Tuesday, July 29, 2003

From the Gloucester County (NJ) Times:
General store links to Canada to shave medical costs
The American Drug Club franchise opens an outlet within a general store in Westville.

From The Advocate:
Senate unlikely to pass drug importation bill
...The bill passed 243-186 in the House, but congressional sources say the measure faces a "solid bipartisan wall" in the Senate that will likely lead to its defeat...

From the Boston Globe:
Canada vows drugs sent to US are safe
''We have a very similar approach in terms of the approval of clinical trials, the approval process for drugs, and also the monitoring of the import and export of drugs,'' said Etienne Ouimette, Canada's drug safety inspection chief, in a telephone interview. ''We have a very strong and rigorous process.''

From the Gloucester County (NJ) Times:
Andrews, LoBiondo fail to block measure to allow drug imports
Ten out of 13 New Jersey lawmakers at 2:51 a.m. Friday voted against a bill that would authorize pharmacies, wholesalers and pharmacy benefit management companies to import low-cost medications from Canada, Europe and other industrialized nations.

From the (Toronto) Globe and Mail:
Net pharmacies cheer new U.S. import bill
"This is very good news because the framers of the U.S. legislation have addressed the straw-man arguments about safety of imports that the U.S. drug industry has used to fight the reimportation issue."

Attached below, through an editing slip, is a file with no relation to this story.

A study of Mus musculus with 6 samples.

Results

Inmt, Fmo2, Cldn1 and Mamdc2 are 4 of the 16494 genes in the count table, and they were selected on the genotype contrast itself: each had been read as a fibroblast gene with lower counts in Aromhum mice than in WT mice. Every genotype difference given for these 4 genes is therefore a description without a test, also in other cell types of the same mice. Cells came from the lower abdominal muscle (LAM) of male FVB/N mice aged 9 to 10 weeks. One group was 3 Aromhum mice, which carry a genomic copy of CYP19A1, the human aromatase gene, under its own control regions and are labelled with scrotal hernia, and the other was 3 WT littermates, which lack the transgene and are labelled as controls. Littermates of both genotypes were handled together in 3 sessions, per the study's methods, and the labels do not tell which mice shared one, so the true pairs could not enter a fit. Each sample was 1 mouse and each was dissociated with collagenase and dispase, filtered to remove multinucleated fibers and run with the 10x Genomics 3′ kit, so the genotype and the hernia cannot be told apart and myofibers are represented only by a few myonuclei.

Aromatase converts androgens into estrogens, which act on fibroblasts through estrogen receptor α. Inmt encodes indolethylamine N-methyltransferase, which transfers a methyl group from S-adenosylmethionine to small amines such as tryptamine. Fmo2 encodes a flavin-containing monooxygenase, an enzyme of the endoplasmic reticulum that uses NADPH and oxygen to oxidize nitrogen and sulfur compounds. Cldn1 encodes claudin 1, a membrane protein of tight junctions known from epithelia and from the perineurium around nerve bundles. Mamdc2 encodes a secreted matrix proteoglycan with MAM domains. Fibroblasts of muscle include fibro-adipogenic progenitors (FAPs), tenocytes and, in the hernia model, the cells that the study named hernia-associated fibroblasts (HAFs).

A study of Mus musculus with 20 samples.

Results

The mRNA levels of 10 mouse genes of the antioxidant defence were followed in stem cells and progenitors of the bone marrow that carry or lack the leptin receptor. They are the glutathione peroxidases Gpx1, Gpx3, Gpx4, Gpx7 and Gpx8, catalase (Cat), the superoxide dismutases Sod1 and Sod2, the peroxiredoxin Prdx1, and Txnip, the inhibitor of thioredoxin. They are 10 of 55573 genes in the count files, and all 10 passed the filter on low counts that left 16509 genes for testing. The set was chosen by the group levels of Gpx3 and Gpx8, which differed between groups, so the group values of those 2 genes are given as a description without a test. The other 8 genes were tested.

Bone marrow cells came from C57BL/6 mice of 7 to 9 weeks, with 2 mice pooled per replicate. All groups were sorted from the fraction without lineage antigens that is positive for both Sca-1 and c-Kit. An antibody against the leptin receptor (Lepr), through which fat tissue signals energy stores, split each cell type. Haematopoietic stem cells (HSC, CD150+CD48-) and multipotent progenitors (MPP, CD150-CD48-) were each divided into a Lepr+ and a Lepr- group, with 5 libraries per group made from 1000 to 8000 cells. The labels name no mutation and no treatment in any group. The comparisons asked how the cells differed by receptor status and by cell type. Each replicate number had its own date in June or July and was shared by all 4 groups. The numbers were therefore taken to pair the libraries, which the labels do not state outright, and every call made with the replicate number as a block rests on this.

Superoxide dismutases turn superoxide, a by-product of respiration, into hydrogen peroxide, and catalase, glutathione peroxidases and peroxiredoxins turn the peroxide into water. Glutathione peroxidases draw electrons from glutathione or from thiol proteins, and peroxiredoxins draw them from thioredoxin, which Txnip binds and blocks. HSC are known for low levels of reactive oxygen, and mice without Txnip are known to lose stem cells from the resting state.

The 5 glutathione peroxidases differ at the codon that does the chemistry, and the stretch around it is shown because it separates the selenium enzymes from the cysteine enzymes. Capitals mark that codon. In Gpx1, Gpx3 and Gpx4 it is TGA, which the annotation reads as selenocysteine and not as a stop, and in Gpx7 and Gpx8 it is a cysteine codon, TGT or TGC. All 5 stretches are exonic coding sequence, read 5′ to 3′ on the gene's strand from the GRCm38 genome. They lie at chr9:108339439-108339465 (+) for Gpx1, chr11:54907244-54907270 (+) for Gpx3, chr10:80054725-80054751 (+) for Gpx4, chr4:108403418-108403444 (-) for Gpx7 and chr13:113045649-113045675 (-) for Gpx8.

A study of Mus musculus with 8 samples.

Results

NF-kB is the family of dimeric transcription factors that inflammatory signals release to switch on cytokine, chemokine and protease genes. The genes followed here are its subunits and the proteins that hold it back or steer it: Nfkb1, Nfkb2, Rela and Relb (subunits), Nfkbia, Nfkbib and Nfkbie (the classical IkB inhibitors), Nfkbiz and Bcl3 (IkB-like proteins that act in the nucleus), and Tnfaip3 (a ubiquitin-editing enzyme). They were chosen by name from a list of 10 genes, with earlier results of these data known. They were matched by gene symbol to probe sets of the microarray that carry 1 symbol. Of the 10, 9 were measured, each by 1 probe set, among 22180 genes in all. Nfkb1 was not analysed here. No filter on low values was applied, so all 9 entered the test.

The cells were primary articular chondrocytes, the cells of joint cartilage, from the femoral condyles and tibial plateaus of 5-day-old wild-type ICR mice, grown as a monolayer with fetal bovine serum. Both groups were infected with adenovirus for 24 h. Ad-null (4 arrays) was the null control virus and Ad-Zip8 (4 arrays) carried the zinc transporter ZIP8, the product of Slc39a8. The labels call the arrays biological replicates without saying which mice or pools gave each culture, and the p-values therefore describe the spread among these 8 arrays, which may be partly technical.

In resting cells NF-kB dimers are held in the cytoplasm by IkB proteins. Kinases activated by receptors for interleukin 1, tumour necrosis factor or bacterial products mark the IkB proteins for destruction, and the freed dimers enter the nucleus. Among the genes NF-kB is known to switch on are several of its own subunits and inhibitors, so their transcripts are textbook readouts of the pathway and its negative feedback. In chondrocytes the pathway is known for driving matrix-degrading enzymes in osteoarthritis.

From the Washington Post:
Pharmacies Willing to Buy From Overseas
Some U.S. pharmacies would be willing to buy American-made drugs overseas at lower cost under a new law being considered in Congress, industry executives said yesterday.

From CBC News:
Cdn drug sales in U.S. won't benefit Cdn pharmaceutical companies: analysts
"From my perspective, the major point in this whole thing is the United States isn't looking after their citizens," said Wayne Hindmarsh, dean of pharmacy at the University of Toronto.

From Bloomberg.com:
House Approves Bill to Allow Drug Imports From Canada
The U.S. House passed a bill to allow Americans to buy drugs from countries such as Canada, where government controls keep prices lower.

More than 1 million people in the U.S. use the Internet or take bus tours to Canada to buy drugs at an average discount of 67 percent, consumer advocates estimated. U.S. regulators generally don't enforce the law against purchases as long as people buy no more than a three-month supply for themselves.